Now in its eighth season, American Ninja Warrior continues to challenge elite athletes with obstacle courses unlike any other—to the point that only two of the show’s competitors has ever successfully achieved "Total Victory" (both in season seven). Here are a few things you might not know about the series. May the best ninja warrior win.
1. THE SHOW DOESN’T HOLD CASTING CALLS.
Unlike other competition shows, American Ninja Warrior doesn’t hold traditional casting calls. Prospective contestants can send in a submission tape, then producers choose around 100 people to “run” in each of the cities they are visiting. If your tape doesn't get you one of those handpicked spots, there’s always a walk-on line. But you’ll need a different type of training for that. “The walk-on line is like waiting for Black Friday sales,” producer Brian Richardson told mental_floss. “You sleep in a tent for a week or more outside the course, with no guarantees. We usually only have time to run 20 to 30 people from the walk-on line. Sometimes people spend a week camping out and never get to run the course.”
2. THE COURSE IS EVEN MORE INTIMIDATING IN PERSON.
Richardson admits competitors are caught off-guard by how complicated the obstacles are when trying to run them in the flesh, as opposed to from the safety of their couch. “For most of our competitors, they've practiced on similar looking obstacles at home or at their gym,” he says. “But when they step up to compete—under the lights, in front of a crowd, with a camera in their face—it's a lot more intimidating.”
3. SMALL CHANGES CAN MAKE A BIG DIFFERENCE IN A COURSE.
While some of the obstacles on American Ninja Warrior come directly from Sasuke, the Japanese program upon which it is based, others are totally original to the stateside series and aren’t created overnight. “We work with the company that builds our obstacles, ATS, and brainstorm for months on ideas to test strength, balance, and agility,” explains Richardson. “It might start as a drawing on a napkin. Then we'll build a prototype and test it in the ATS warehouse. Ultimately, if it passes all the tests, then we will make it part of our course. Even when it's built on the course, we test it with athletes dozens and dozens of times to dial in the difficulty. Moving a rope six inches closer or farther away can make a world of difference.”
4. CERTAIN BODY TYPES MAY HAVE A COMPETITIVE ADVANTAGE.
Given the show’s title, you’d expect the competitors most likely to complete each course would be the big muscle guys with out-of-this-world strength, but that’s not always the case. “Typically, in most of the American sports, size and strength are a big advantage,” says American Ninja Warrior co-host Matt Iseman. “What we've seen in this, it's really strength‑to‑weight ratio. So the less weight you have to carry on the course, the better your strength does on that. I think we saw that last year with the biggest story, Kacy Catanzaro, who is five-feet tall [and] less than 100 pounds. No one thought she was strong enough, but the reality is she was so light—and she is incredibly strong—that she didn't have all this mass.”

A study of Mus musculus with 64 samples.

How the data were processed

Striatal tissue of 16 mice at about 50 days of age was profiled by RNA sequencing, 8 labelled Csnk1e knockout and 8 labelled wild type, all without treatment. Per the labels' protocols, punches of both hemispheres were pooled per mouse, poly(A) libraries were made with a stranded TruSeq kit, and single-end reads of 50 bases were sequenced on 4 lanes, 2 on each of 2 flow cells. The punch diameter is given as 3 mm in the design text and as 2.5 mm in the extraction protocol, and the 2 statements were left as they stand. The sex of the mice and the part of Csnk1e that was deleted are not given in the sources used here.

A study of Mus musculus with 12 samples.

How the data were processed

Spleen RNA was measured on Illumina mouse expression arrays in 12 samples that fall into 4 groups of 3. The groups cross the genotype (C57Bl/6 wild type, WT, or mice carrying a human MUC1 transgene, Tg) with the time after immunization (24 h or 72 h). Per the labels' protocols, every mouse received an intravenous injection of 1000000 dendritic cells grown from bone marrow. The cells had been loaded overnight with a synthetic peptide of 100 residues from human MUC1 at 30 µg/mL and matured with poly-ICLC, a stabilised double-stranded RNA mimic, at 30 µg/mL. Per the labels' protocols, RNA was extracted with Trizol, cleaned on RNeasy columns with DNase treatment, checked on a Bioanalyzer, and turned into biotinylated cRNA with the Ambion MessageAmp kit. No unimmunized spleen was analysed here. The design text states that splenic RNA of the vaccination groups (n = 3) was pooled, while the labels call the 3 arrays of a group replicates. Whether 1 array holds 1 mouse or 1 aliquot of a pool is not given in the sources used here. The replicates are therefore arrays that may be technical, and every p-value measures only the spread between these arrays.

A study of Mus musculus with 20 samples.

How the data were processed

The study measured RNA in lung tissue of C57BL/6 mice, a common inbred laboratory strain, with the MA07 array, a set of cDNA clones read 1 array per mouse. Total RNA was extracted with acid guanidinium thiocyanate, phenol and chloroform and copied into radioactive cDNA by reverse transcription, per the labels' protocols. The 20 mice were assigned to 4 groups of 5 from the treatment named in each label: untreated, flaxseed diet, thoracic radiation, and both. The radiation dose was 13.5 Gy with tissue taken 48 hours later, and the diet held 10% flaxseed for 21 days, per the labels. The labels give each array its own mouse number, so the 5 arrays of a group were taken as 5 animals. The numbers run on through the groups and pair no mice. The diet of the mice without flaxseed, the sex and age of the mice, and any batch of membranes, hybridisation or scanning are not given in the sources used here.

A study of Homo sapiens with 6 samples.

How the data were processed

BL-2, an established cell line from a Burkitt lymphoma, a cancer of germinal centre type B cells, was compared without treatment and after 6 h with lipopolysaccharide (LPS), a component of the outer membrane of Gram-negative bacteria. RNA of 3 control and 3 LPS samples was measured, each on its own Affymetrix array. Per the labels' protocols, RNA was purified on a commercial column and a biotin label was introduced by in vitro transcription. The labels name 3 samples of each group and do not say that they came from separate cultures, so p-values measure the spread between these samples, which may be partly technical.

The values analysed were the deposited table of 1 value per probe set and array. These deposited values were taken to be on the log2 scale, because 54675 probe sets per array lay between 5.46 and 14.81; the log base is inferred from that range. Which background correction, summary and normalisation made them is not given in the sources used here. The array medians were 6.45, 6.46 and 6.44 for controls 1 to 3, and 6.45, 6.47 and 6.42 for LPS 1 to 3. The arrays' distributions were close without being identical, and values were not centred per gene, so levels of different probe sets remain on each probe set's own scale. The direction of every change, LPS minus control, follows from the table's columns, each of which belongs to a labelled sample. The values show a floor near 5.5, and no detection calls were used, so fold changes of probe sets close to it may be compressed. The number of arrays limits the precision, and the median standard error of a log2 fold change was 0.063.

5. NFL PLAYERS WANT IN ON THE ACTION.
Whether the leanest contestants have a competitive edge or not, co-host and former NFL player Akbar Gbajabiamila says pro football players often contact him to get on the course. “I get guys like NFL star quarterbacks, Aaron Rodgers from the Green Bay Packers, telling me, ‘I love this show,’” he says. “I get guys like Charles Woodson texting me, like, ‘Man, this is amazing.’ Other guys texting me or tweeting me, saying, ‘Look, give me your number. I want to get on this obstacle course because I think I could do it.’”
6. NOT ALL COMPETITORS HAVE A CLEAN BILL OF HEALTH.
Since the start of the show, American Ninja Warrior has run some pretty inspiring competitors through their courses, like those suffering from rheumatoid arthritis or diabetes, and even recent open-heart surgery patients. “You don't have an excuse when you see how hard some of these competitors work and the adversity that they overcome,” says Iseman.
7. STAGE 4 WAS THE TOUGHEST OBSTACLE TO BUILD.
When asked about which obstacle was the toughest to build, Richardson says it's probably "Stage 4 in Las Vegas. It's four stories high, and with the way the desert winds blow in Vegas, it can be scary to be up at the top."
8. PRODUCERS ARE CHALLENGED BY THE NINJAS THEMSELVES.
Given that the show's producers are dealing with people who consider themselves ninja warriors, these contestants are stealthy, recreating obstacles at home to figure out the best way to work the course. Which means that producers must always remain one step ahead of their competitors. “Our best athletes train year-round for ANW now,” says Richardson. “There are gyms devoted to Ninja training that are popping up all over the country, so people have a lot more access to obstacles like the Warped Wall. We want to test them every year, so we have to keep creating obstacles that are fun, and challenging, and entertaining to watch at home.”
9. VIDEO SUBMISSIONS HAVE INCREASED 50-FOLD SINCE THE SHOW'S DEBUT.
In its first season, producers received tapes from 1000 American Ninja Warrior hopefuls. Last year, producers were slammed with approximately 50,000 videos of folks vying for a spot on the show.